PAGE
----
Selangor MB rejects claims PKNS in dire financial situation, says cash flow better now

Malay Mail
Malay Mail

SHAH ALAM, March 4 — Selangor Menteri Besar Datuk Seri Amirudin Shari rejected claims that the Selangor State Development Corporation (PKNS) is in a dire financial situation.

Amirudin said PKNS had not incurred a debt of RM5.7 billion, as claimed by some, adding that it was in a good financial position.

“PKNS still earns profits from the main income of its operations. The cash flow of PKNS is also at a better level where it is able to pay all the liabilities of the corporation based on operations and not from sukuk earnings or loans made.

“PKNS’ sources of income from 2018 to 2022 are from building sales, land sales and privatisation. While PKNS’ main income in those years was from land sales, which amounted to about 60 to 80 per cent,” he said during the question-and-answer session in the Selangor state legislative assembly sitting today.

Amirudin was responding to a question from Selangor Opposition chief Datuk Seri Azmin Ali, who asked about the financial position of PKNS.

Azmin has been highlighting the topic since last week, where he questioned the financial decisions made by PKNS in his debate of the speech of Selangor Ruler Sultan Sharafuddin Idris Shah Alhaj.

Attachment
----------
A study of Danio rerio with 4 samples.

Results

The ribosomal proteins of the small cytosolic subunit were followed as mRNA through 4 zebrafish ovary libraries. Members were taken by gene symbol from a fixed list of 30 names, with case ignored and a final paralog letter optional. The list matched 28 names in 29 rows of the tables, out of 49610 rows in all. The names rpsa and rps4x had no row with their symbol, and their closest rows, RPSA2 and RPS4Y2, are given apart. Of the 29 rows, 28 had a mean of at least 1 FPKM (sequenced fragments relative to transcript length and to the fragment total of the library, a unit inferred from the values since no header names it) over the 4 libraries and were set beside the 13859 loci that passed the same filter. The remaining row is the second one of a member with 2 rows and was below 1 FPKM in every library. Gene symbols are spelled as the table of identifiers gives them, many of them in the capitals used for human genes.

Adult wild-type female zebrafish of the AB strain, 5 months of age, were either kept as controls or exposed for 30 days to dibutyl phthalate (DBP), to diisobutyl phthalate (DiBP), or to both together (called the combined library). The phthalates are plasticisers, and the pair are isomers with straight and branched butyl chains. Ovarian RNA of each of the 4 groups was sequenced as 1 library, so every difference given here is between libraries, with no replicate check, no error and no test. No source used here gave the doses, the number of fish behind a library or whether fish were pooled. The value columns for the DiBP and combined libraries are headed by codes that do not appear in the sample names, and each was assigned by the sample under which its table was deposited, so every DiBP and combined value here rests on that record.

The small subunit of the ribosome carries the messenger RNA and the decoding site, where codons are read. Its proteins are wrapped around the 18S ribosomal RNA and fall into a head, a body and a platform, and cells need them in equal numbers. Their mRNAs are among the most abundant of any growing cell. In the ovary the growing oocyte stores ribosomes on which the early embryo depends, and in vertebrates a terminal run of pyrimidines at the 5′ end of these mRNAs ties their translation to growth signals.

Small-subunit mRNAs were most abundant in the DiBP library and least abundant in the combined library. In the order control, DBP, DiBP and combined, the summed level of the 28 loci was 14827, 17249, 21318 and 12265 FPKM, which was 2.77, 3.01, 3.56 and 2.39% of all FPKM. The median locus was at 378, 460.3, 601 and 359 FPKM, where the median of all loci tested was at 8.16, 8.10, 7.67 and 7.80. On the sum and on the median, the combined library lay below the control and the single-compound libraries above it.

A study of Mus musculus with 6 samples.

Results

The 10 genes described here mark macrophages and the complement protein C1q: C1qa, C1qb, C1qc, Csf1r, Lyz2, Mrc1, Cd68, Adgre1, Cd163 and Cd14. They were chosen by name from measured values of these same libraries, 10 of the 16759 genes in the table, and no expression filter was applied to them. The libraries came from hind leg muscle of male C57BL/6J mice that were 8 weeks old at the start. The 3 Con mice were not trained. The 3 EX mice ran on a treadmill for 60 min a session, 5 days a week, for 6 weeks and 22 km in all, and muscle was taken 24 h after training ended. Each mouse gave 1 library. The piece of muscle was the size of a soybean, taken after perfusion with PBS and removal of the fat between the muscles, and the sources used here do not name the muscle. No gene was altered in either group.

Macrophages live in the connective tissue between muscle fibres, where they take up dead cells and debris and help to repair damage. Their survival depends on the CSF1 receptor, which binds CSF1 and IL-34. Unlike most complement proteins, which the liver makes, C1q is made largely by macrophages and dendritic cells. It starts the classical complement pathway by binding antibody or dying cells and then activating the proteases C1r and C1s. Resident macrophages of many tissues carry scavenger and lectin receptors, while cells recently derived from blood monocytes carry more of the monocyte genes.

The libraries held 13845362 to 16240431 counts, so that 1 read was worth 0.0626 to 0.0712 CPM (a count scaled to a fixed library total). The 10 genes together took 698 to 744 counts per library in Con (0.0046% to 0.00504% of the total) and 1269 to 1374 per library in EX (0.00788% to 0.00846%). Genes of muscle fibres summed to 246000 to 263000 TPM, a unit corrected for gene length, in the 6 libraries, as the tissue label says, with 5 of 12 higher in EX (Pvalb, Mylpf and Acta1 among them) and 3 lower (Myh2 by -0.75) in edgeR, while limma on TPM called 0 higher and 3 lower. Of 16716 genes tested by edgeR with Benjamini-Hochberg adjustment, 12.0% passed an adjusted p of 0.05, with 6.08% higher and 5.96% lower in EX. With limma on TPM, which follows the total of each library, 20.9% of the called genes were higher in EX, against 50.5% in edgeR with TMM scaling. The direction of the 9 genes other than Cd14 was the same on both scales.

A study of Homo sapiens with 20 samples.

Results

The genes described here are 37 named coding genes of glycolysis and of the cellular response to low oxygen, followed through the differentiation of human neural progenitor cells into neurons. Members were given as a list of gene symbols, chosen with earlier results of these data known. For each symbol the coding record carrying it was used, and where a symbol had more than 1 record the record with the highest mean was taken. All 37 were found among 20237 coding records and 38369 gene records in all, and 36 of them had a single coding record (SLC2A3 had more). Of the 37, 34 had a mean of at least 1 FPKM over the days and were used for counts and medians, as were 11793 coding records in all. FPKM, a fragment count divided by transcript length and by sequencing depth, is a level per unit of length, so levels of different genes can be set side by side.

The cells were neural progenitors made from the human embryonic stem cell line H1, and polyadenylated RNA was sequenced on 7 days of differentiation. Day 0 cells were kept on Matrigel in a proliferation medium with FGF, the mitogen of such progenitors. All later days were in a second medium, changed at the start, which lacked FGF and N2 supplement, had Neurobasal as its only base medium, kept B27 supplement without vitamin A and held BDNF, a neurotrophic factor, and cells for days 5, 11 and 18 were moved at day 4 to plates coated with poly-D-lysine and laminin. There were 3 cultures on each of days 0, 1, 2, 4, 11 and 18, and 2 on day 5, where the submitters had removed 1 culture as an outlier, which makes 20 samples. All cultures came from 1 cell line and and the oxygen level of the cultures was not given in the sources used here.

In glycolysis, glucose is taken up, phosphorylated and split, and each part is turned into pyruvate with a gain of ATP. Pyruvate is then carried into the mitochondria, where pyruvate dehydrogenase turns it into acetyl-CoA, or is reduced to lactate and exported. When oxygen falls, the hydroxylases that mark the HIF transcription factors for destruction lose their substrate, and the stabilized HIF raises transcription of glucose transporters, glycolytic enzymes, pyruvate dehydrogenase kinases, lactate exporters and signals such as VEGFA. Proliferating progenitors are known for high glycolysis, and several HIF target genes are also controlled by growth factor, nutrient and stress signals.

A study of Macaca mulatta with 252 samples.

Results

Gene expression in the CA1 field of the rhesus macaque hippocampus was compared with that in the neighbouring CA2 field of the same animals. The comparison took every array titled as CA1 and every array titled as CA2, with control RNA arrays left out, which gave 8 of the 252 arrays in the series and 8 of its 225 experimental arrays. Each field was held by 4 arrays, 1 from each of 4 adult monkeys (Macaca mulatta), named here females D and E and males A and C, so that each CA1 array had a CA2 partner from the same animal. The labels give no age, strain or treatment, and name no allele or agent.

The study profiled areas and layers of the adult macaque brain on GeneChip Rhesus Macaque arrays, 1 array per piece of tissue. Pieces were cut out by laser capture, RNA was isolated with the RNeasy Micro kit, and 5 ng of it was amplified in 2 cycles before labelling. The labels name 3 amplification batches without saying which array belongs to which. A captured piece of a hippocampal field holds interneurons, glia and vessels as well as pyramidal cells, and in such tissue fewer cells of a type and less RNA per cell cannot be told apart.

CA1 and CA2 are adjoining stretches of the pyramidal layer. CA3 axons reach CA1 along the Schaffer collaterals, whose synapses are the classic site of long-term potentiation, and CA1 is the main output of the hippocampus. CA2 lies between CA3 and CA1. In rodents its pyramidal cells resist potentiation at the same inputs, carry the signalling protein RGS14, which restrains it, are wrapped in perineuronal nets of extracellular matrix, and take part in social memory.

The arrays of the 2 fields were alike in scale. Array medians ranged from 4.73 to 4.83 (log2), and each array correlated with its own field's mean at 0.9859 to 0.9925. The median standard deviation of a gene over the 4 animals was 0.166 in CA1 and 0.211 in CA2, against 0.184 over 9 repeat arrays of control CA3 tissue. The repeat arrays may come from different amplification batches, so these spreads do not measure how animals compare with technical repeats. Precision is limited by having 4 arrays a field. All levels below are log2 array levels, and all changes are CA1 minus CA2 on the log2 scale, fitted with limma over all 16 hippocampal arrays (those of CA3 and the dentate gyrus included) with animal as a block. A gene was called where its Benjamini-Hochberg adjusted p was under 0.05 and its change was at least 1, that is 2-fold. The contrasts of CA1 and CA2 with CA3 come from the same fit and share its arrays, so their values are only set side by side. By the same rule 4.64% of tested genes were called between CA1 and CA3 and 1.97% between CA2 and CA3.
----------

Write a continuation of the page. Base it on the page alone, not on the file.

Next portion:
Azmin cited a report titled “The Awakening” that revealed that the financial performance of PKNS in 2023 was in a dire state as PKNS was in a negative net cash position.

Azmin, who is Amirudin’s predecessor in the role of Selangor menteri besar, also asked for an explanation from the Selangor state government after PKNS sold the development rights of PJ Sentral which is expected to give a return worth RM1.04 billion, to Malaysian Resources Corporation Berhad (MRCB) with a value of RM270 million.

Azmin also cited a report from business paper The Edge on February 29 which said property developer Tropicana Corp Bhd was acquiring a piece of leasehold land in Kota Damansara for RM224 million.

Amirudin, who is also the Sungai Tua assemblyman, said the decision to sell the rights was to get out of the “cash flow trap”.

“Some of our experiences working with the private sector have not all recorded impressive profits. I take, for example, the areas that we have developed with a company, in the Tropicana area.

“We can see the development costs there are worth billions of ringgit, but the value of the cooperation we get is around RM160 million from the development value in the Kota Damansara area. So we no longer want to have an agreement like that.

“We don’t want what happened before to PJ Sentral and getting in a cashflow trap, which ultimately, has a negative impact on the financial position of PKNS,” he added.